Nigeria’s fate now hangs in the balance, with the pendulum tilting to one end or the other, tilting either to those who approve the retention of the existing political structure, or to those who want to effect some changes in the polity, those who want the country to be restructured.
In the run up to the forthcoming general elections, the two frontrunners in the exercise, the ruling All Progressives Congress (APC), and the main opposition Peoples Democratic Party (PDP), represent these opposing systems and are now trying hard to ensure that the pendulum tilts to their respective ends.
While the APC, in its campaign promises, hardly mentions effecting any changes in the Nigerian project, or is silent about restructuring, the PDP on its part, has been very vocal about restructuring as they go round the country promising Nigerians that if elected, they would restructuring the country.
For the APC and those who prefer Nigeria to remain as it is, they probably base their argument on the fact that the country has enough laws in its statute books, which if strictly applied or implemented, would make Nigeria an el dorado.
The problem, according to them, was that Nigeria was not lucky to have produced a selfless and patriotic leader who would have taken the country to the path of greatness and turn it around.
They however saw in the current President, Muhammadu Buhari, as an epitome of that selfless and patriotic leader, who possesses an impeccable character capable of making Nigeria another heaven on earth, and called on all Nigerians to support his reelection bid.
But there was a mixed grill. While some people may go with their suggestion that Buhari had done his best to take Nigeria out of the woods, others however counter by pointing out the many pitfalls of the Buhari administration, such as his alleged nepotism or cronyism, his conceding or surrendering governance to a tiny group of people or the cabal, etc., they further argue that modern states are governed not by strong personalities, but by strong institutions, and stress that Nigeria needs strong institutions to move it forward.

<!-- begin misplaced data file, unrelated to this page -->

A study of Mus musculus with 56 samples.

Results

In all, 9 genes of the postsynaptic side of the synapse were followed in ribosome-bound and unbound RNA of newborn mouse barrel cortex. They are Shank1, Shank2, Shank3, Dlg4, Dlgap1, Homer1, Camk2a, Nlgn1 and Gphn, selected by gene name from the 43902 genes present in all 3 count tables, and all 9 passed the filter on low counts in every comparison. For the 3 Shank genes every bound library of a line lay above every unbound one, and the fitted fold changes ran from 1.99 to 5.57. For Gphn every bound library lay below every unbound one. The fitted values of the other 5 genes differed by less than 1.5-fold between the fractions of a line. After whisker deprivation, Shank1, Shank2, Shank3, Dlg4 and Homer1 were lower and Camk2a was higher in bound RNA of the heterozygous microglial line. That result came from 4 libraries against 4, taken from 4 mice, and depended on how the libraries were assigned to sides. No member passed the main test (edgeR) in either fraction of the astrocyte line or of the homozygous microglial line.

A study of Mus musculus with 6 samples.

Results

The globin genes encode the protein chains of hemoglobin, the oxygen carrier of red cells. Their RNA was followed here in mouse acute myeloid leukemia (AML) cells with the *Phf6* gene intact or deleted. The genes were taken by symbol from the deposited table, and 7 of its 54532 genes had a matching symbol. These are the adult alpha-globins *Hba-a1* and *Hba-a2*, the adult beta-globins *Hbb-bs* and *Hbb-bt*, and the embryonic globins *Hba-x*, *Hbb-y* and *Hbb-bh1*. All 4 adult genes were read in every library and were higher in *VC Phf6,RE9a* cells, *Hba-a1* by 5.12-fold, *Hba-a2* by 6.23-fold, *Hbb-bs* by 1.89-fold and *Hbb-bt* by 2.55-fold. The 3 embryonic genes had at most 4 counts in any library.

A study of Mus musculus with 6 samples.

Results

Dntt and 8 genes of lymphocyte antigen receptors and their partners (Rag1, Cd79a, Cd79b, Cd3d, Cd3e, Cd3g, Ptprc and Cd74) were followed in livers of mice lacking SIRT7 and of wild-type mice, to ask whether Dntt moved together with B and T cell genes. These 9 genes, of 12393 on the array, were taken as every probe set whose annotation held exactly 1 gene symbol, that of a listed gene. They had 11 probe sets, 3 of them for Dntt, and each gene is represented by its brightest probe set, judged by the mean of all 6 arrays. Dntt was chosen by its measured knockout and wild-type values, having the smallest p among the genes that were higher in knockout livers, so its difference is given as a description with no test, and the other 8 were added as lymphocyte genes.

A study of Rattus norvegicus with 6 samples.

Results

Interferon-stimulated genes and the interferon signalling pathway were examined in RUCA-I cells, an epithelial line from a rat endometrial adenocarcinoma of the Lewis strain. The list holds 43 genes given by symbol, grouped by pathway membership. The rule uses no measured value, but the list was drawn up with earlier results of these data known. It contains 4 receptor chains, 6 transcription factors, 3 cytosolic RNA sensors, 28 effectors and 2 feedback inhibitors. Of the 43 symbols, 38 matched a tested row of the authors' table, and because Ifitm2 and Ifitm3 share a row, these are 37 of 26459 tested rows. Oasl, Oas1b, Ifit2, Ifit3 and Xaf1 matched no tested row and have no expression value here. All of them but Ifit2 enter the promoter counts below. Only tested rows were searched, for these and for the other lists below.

For the PDP and others who canvass for the restructuring of the country, they contend that even if you were to bring down an angel from heaven and let him govern Nigeria, while leaving the present political set up as it is, such an angel would still find it extremely difficult to make any significant progress.
According to them, it was not by accident or bad luck that Nigeria had not been able to produce “good leaders” since 1960 when she got her independence, people who would have given the country qualitative leadership, but the fact that there was something fundamentally wrong with the system.
For them therefore, unless the cancerous disease afflicting Nigeria is identified and rooted out, which is a total overhaul of the socio-political arrangement of the country, the people would be chasing a chimera.
In other words, their contention was that unless Nigeria is restructured along true federalism and allow each group to manage its affairs the best they could, all what we have been doing would come to naught.
This message was what made a lot of people begin to clamour for the PDP, resulting to the reported endorsement of its candidate, Atiku Abubakar, by some sociocultural groups in the country like Ohanaeze Ndigbo, Afenifere, Middle Belt Forum, Northern Elders Forum, Pan-Niger Delta Forum, etc.
But this was immediately countered by a group of some retired military generals, who equally said that they were endorsing the candidature of the APC candidate, Muhammadu Buhari.
What this implies therefore, is that while the sociocultural groups which were in support of the PDP’s gospel of restructuring would be weighing down the pendulum at one end, the retired military generals who claimed to support the APC and the existing political structure, would at the other end, be weighing down the same pendulum.
On February 16, we will all know which side has more weight.